Major Egbert Napier
Chief Constable Norfolk County Constabulary 1909-1915
There were lots of accusations about spies guiding Zeppelin L4 towards King’s Lynn during the raid that was carried out on the night of 19/20 January 1915. And afterwards there were numerous investigations and enquiries into that. The findings tended to refute these claims.
But the rumours that spies were rife around the North Norfolk coast resulted in one man utilising his resources in hunting them down.
Egbert Napier was born on the 12th August 1867 in Mold Flintshire and was the son of Colonel Edward and Mrs Martha Louise Napier. He was educated at Wellington School and became a member of the civil staff of the Commissioner of the Metropolitan Police at the age of 21.
He joined the army in 1896, becoming an officer in the militia, before he received a commission in 1900, joining the 3rd Battalion Gordon Highlanders. With the rank of Captain he saw action in the Boer War. He then returned to the UK in 1901 and rejoined the Metropolitan Police Commissioner’s staff. However, in 1909 he became the Chief Constable for Norfolk where he implemented some ground breaking changes.
He standardised the registry of correspondence, implemented a weekly leave day for officers and brought in new equipment, including telephones. He also improved the terrible housing conditions that most of his officers resided in. In 1910 he submitted new force orders, modelling them on the Met, and allowed officers to retire after 29 years service, lowering this from 55! In short, the changes he made were unheard of in a county constabulary.
When war came in 1914, he waited to be recalled to the army, but this was not forthcoming. However, this did not stop him taking an active part in protecting the home front and he utilised all his resources in counter espionage. So much so that his efforts were praised in a book, printed in 1915 by William Le Queux, entitled GERMAN SPIES IN ENGLAND AN EXPOSURE, where he noted.
‘Outside London, the county constabulary are making praiseworthy efforts to find spies, but when men in uniform set out to make inquiries — as they unfortunately do in so many cases — then the system becomes hopeless.
The same thing happened in a small coast town in Norfolk where signalling at night had been noticed. Indeed, in two instances in the same town, and again in Dunbar, the appearance of the police inspector caused the flight of the spies — as undoubtedly they were.
As regards the county of Norfolk, it has long received the most careful attention of German secret agents. At the outbreak of war the Chief Constable, Major Egbert Napier, with commendable patriotism, devoted all his energies to the ferreting out of suspicious characters, spies who were no doubt settled near and on the coast in readiness to assist the enemy in case of an attempted landing. By Major Napier’s untiring efforts a very large area has been cleared, more especially from Cromer along by Sheringham, Weybourne — a particularly vulnerable point — and from Cley-next-the-Sea to Wells and King’s Lynn.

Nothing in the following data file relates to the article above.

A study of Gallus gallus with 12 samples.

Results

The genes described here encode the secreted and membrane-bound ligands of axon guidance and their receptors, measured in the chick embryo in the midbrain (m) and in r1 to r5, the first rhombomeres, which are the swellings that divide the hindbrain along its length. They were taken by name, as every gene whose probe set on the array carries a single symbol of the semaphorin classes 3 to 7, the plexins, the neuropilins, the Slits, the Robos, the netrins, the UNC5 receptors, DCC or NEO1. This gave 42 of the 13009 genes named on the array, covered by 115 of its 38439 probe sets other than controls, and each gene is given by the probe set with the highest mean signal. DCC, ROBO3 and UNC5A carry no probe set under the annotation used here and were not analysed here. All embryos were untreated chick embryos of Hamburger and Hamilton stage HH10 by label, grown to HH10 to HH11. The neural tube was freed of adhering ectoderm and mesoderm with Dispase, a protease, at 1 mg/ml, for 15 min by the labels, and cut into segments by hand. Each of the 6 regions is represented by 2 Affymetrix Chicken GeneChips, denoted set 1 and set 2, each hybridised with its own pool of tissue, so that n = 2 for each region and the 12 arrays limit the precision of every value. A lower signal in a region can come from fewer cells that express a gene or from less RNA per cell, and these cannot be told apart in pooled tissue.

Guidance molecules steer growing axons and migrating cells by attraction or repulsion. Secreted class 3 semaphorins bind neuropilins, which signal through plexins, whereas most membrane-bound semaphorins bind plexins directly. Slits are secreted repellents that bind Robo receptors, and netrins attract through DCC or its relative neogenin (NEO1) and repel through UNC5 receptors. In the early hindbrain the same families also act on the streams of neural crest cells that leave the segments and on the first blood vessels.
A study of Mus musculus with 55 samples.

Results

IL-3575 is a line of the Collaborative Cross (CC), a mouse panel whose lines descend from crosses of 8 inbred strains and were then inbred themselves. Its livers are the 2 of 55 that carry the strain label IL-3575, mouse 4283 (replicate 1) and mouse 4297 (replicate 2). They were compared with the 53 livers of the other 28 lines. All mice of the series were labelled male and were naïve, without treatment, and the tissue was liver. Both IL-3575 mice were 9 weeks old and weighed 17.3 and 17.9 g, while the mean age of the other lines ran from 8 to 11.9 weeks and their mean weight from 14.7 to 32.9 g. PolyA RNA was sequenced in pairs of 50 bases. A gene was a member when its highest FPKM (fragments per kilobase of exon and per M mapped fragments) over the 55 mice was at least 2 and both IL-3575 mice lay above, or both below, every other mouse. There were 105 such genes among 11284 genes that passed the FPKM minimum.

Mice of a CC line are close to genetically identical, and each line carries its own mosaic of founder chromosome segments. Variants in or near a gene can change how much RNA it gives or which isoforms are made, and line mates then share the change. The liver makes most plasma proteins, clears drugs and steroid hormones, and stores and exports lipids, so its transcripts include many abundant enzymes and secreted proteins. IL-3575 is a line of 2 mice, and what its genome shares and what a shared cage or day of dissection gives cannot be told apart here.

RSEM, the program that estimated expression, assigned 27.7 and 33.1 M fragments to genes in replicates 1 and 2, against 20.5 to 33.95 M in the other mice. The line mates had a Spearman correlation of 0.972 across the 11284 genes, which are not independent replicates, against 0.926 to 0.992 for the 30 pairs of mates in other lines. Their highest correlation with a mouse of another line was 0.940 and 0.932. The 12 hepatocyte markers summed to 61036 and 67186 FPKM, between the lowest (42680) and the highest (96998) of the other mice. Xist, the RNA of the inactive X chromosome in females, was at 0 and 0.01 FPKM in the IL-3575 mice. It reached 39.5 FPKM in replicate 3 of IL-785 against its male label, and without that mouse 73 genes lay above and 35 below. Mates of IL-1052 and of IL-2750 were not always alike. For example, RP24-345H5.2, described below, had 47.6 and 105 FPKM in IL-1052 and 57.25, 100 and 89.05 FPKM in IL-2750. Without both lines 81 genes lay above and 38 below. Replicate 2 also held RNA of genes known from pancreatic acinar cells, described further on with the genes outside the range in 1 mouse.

This was very much propaganda of its time with the allegation of a spy on every street corner! Other ‘Official’ evidence of this can be found in police officers’ pocket notebooks and also in the fact that a number of county constabulary officers were commended for their work, one example being Edward Woodson whose personal record notes that he was,
‘Specially commended by the War Office and Home Office for work in connection with the aliens and suspected persons in this County prior to and since the outbreak of war.’
William Le Queux gives us an excellent insight into what this entailed and was extremely praiseworthy of his quest to root out the German spy system in Norfolk.
‘Major Napier engaged, at my instigation, a well-known detective-officer who, for some years, had been engaged at the Criminal Investigation Department at New Scotland Yard, specially attached to deal with German criminals for extradition back to Germany. He was a Russian, naturalised English, and spoke German perfectly, being born in Riga — and an ideal officer to inquire into the whole German spy system in Norfolk.
Well, after Major Napier had asked him to go forth on his mission, I saw him and wished him all success. Within a fortnight this shrewd officer returned to me with a hopeless story. Wherever he went the Coastguard refused to tell him anything, or any of their suspicions, as they said they were sworn to secrecy, while the superintendents and inspectors of the Norfolk Constabulary — with few exceptions, even though he bore proper credentials signed by the Chief Constable himself, actually refused to give him any assistance or information whatsoever!
This keen and clever detective-officer returned to the Chief Constable of Norfolk and told him that he was certain spies still existed along the coast, but expressed regret at the hopeless state of affairs. If any Government authority would like to question the officer upon his experiences, I shall be pleased to furnish that department with his private address.’
Other records can be seen in my book where the report of spies came thick and fast, especially in the north of the county. But all of this can be written up as the genuine fear of its time and you can pretty much dispel all of the allegations as false alarms or fantasy which includes Le Queux’s reports.
But spy hunting was not enough for Major Napier and after not being called back to the colours, he felt that he had no option but to volunteer. He could have lived out the war in a secure post, but instead he chose to go and serve his King and Country. He therefore resigned from Norfolk County Constabulary on 7th May 1915 and received a commission in the Northumberland Fusiliers.
We will look at what happened to Egbert Napier after he re-joined the Army later on this year when a Centenary event occurs in November 2016.